I was a little bummed this week when I saw that I only got one question, but I must say, I love this question. It addresses something that pretty much all of us have dealt with at some point in our lives: plain, outward dislike from others.
People sure do like to talk shit nowadays. What's the best way to handle haters and people who trash us behind our backs?
The reason for haters is simple and sad: We live in a world that sets us against each other pretty much from birth, and we encourage each other towards success by banking on the failure of others. We celebrate when the quarterback of our team's biggest rival gets injured, just like we chuckle when some jerk in our lives loses a job or gets dumped.
It's tacky, but we all do it, though it takes on a more intense and dangerous tone when people go out of their way to single out others and make them feel bad. The amount of energy that some people put into hurting others’ feelings is remarkable—like my old college classmate who used to contact me on Facebook to brag about her bustling journalism career in Chicago back when all the work I could get was cashiering at IKEA.
Now that I'm in my thirties, I feel more empathetic for this woman than sorry for myself. She was a first-generation African American born to Nigerian parents who had worked hard to become very successful, which meant that they put a lot of pressure on her to succeed as well. I was firmly cemented in my position as managing editor of our college newspaper, a position she wanted but would never get unless I graduated before her, which I wasn't going to. How was she ever gonna be the best in our program if there was already a star student?
So, she hated me. Not rightfully, but she did. The tables turned after graduation, when I struggled while she succeeded, but she couldn't help but rub it in my face because it had once been the opposite. I had failed miserably and she knew it, and she delighted in reminding me of that. Obviously, it made her feel great.
It wasn’t as easy to hate her for that as you'd think. Unlike her, I have the privilege of knowing unconditional love from my family. No matter how I make my money, my parents will be proud of me. She had a “pass/fail” mentality about life, and regularly gave up on things she didn't excel at. She stormed out of writing workshops when her critiques weren't going well, and she'd never bring those pieces back for critique again. She was entirely too hard on herself, and she hated that I did so well while staying so calm.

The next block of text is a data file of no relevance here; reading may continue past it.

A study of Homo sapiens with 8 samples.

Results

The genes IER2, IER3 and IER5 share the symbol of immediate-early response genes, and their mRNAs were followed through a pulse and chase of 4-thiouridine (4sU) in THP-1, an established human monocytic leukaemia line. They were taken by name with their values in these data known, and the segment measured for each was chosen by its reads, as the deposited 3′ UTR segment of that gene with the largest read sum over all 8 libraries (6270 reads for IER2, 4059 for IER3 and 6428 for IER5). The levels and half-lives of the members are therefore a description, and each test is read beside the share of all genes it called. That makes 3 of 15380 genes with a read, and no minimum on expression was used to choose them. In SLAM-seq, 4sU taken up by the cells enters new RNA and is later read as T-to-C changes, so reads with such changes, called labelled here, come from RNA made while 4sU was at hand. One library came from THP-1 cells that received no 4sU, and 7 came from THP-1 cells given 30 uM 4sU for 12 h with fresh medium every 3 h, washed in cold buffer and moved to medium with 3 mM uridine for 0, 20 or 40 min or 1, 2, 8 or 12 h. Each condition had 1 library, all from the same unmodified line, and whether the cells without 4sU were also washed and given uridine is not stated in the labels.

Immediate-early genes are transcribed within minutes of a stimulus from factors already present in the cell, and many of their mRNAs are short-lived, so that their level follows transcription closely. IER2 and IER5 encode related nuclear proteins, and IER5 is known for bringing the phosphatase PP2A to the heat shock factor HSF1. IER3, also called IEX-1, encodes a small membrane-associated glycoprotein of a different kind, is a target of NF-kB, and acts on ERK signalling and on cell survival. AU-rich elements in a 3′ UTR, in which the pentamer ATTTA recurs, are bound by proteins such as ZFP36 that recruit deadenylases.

Turns out the “online magazine” she'd been writing for was actually her own blog, so we don't talk about writing anymore, especially now that I have a regular paying gig. I keep her around because I understand now what drives her to hate me. She stopped mattering to me once I saw the insecurities underlying her behavior and realized she didn’t have the skills for self-reflection and true esteem-building. She bases her self-image on how good or bad others are doing. This is the problem of most poisonous haters. Simply put, they don't love themselves, and they can't stand seeing someone who does.
I think the trick to dealing with shit-talk, haters and the like is to find peace in the knowledge that these people are hurting in some very private way that they'll never share with you. You represent some grand insecurity or fear of theirs, and there's nothing you can really do about that.
I don't think you owe communication or sympathy to those who would purposely hurt you, however, so I don't encourage any dramatic heart-to-hearts or therapist referrals. Set firm boundaries with people who enjoy your pain, and keep them as far removed from your life as possible. Put yourself first, and do not tie your self-image to the successes or failures of people who don't matter in the long run.
Need advice? Email firstname.lastname@example.org, or use our anonymous form.